International community should strengthen its support to Crimea

Western states respond adequately to an aggressive policy of Russia in Crimea. The trends are positive, but it’s not enough.

26 February 2016 17:00

The UN Declaration on the Righs of Indigenous Peoples (UNDRIP) on recognition of Crimean Tatars as indigenous people of Crimea is a historic step, stated Vice-President of the UN Permanent Forum on Indigenous Issues Oliver Loode during a briefing on February 26.

“Under Article 2 of the resolution, indigenous peoples have equal rights with other nations. The recognition means that the Crimean Tatars have been recognized by most of the Western world,” said Loode.

However, he stressed that this process should be continued:

“It would be nice if the US Congress pass a similar resolution too. Two years ago, the UN General Assembly adopted a resolution on the annexation of Crimea. Perhaps now is the time to adopt a new resolution recognizing Crimean Tatars as indigenous people?"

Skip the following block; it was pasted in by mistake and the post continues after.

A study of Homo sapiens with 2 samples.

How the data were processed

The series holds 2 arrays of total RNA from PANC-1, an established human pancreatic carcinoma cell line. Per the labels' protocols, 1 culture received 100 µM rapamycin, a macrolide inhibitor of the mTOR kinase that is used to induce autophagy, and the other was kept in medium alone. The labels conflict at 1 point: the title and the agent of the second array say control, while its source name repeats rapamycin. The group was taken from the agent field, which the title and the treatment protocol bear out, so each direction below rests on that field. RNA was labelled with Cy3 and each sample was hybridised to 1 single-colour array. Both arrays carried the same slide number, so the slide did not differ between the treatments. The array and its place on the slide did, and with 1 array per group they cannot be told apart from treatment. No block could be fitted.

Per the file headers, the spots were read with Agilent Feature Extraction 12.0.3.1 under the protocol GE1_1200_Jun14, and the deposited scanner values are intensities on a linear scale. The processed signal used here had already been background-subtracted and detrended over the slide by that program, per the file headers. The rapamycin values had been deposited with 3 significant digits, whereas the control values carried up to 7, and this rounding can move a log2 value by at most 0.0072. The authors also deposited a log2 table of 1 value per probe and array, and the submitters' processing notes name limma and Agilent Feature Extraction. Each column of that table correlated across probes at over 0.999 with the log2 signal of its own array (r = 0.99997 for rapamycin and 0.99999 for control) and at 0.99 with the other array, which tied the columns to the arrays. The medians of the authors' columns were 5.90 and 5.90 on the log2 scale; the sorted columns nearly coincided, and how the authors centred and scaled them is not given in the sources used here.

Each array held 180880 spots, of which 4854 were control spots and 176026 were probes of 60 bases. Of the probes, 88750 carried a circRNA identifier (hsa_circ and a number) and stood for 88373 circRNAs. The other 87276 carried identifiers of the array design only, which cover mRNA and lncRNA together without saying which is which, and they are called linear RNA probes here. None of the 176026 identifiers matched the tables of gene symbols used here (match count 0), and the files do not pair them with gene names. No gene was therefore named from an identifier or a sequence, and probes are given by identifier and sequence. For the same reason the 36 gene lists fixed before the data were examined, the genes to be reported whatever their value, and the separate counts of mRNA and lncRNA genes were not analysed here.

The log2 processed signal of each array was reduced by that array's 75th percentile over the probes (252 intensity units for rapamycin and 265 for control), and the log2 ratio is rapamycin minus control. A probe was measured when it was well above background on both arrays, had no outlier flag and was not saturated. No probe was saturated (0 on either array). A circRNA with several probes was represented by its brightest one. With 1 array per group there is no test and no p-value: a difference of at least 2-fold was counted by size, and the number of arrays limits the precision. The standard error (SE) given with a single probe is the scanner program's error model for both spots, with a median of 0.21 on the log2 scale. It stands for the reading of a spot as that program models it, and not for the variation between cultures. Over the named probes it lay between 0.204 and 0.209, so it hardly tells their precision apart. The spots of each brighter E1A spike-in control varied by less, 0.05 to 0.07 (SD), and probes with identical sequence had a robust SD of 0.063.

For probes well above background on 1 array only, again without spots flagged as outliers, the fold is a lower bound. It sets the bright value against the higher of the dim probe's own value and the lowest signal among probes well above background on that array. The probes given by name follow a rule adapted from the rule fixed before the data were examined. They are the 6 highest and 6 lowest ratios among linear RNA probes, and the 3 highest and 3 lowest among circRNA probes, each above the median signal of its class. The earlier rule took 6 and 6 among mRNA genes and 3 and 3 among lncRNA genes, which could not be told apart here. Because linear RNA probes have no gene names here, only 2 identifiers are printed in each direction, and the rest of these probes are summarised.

Declaration on the Rights of Indigenous Peoples was supported by all UN member states, except Russia.

Just a reminder: February 26 became a symbolic date and may be called the Day of the Crimean resistance to Russian occupation. This day, the first massive rally against the separatist sentiment at the Crimean Parliament, and as subsequent events showed - the occupation of the peninsula - was held in Simferopol. 

Russia occupied Crimea in February-March 2014, calling the falsified referendum of March 16 as an expression of Crimeans will to join the Russian Federation. Most of the world has not recognized Crimea as part of Russia. For Ukraine, Crimea remains the temporarily occupied territory.